Susan Schultz, Sally Van Doren, and Huda Fakhreddine joined Al Filreis to talk about Sylvia Plath’s poem “The Stones.” It was written in October or early November of 1959 and appears as the seventh poem in a seven-part sequence called “Poem for a Birthday.” The recording the group hears at the start of the conversation comes from a studio performance Plath did for BBC Records between 1960 and 1962 (and this particular performance probably dates from 1962). The most readily accessible copy of the audio has been posted at YouTube.
Sawako Nakayasu, Donato Mancini, and Gabriel Ojeda-Sague joined Al Filreis to talk about two poems by Sueyuen Juliette Lee. The poems were published in a chapbook titled Perfect Villagers (2006) and later collected in That Gorgeous Feeling (2008). “Dear Margaret Cho” (actually one of two poems of that title) and “Daniel Dae Kim” were among the pieces from the “perfect villagers” series performed by Lee in a reading she gave at the Kelly Writers House in January of 2007. The recording can be found at Lee’s PennSound page.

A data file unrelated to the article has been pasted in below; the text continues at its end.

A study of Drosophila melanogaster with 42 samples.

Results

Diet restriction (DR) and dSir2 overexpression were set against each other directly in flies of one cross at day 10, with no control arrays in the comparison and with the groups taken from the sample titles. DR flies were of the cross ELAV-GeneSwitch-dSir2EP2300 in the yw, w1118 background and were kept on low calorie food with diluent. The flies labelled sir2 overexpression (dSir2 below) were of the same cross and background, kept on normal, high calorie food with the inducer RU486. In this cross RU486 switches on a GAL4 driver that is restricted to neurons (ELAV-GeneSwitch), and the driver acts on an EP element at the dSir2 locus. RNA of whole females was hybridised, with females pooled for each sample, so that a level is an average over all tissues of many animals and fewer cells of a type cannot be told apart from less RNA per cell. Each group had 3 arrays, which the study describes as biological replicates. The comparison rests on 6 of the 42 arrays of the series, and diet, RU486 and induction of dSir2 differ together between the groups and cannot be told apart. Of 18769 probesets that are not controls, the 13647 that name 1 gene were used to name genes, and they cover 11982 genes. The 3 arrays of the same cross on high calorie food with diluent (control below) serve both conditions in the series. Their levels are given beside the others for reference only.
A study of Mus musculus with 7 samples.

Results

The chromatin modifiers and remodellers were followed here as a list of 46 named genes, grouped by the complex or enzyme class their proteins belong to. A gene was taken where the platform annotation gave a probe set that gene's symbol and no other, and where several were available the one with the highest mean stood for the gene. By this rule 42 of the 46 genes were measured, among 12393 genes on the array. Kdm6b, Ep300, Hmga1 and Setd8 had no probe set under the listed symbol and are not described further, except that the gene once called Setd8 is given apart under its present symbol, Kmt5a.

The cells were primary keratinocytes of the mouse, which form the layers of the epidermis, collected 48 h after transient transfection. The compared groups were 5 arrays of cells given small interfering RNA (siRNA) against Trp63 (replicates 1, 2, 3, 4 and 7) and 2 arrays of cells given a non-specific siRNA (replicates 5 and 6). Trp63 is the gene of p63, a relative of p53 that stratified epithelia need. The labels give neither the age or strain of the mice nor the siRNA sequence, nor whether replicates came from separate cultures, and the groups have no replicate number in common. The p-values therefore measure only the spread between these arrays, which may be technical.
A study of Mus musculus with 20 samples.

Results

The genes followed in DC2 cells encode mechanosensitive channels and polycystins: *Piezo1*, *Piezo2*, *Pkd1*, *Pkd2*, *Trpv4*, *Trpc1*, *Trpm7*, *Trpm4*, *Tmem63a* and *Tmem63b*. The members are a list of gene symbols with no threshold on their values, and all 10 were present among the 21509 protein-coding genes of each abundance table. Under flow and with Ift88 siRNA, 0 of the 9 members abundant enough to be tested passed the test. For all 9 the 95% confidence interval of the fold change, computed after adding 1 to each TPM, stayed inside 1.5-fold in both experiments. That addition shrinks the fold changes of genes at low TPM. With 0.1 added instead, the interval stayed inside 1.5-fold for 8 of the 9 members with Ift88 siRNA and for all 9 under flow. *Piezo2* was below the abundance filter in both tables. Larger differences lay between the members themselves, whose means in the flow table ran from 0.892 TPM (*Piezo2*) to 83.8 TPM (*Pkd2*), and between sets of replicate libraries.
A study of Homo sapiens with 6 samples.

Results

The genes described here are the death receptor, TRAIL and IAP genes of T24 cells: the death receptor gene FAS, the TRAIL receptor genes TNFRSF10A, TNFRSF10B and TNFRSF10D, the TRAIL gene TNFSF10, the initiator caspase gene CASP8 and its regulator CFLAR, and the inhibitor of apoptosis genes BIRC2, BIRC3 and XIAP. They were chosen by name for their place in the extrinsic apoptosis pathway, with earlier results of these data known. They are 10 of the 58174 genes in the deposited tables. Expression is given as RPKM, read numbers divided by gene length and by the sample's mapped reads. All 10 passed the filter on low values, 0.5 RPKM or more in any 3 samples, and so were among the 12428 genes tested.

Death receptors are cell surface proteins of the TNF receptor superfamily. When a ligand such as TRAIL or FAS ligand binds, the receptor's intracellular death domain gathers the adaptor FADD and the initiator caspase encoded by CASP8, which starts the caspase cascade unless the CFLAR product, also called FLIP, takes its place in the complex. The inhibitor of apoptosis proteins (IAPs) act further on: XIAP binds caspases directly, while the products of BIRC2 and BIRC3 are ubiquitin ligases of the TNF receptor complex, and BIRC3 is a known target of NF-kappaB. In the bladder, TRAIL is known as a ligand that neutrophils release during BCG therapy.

Al Filreis and Zach Carduner traveled to Los Angeles to the home of Marjorie Perloff where they made a sound recording and film of a convesation about a poem by John Ashbery with Susan McCabe, Robert von Hallberg, and Marjorie herself. The poem is “The Short Answer” from a late book, Quick Question (2013). There are, abounding, the usual marooned pronouns, and the typically high “daftness quotient.” Marjorie and Al chose this poem with the goal of exploring of what it means to read closely and talk in detail about a seemingly “minor” poem from a “major” poet — a poem that might strike readers as an effect of Ashbery’s incessant and seemingly easeful poetic fermentation.
Tyrone Williams, Aldon Nielsen, and William J. Harris joined Al Filreis to talk before a live audience about Amiri Baraka’s poem “Something in the Way of Things (In Town).” The printed poem has been published in several versions; one version can be read below. It is best known as a cut on The Roots’ Phrenology album (2002). Baraka came to the lower Manhattan studio where The Roots were recording some of the album’s tracks; there Baraka performed the poem as the band backed him. The result can be heard here.
Christine Nelson, Davy Knittle and Erica Baum joined Al Filreis to talk about Erica’s Dog Ear,a book of photograph-poems, in which each poem is a meticulous reproduction of a dog-eared page of a mass-market paperback photographed to isolate the small, diagonally bisected squares or rectangles of text.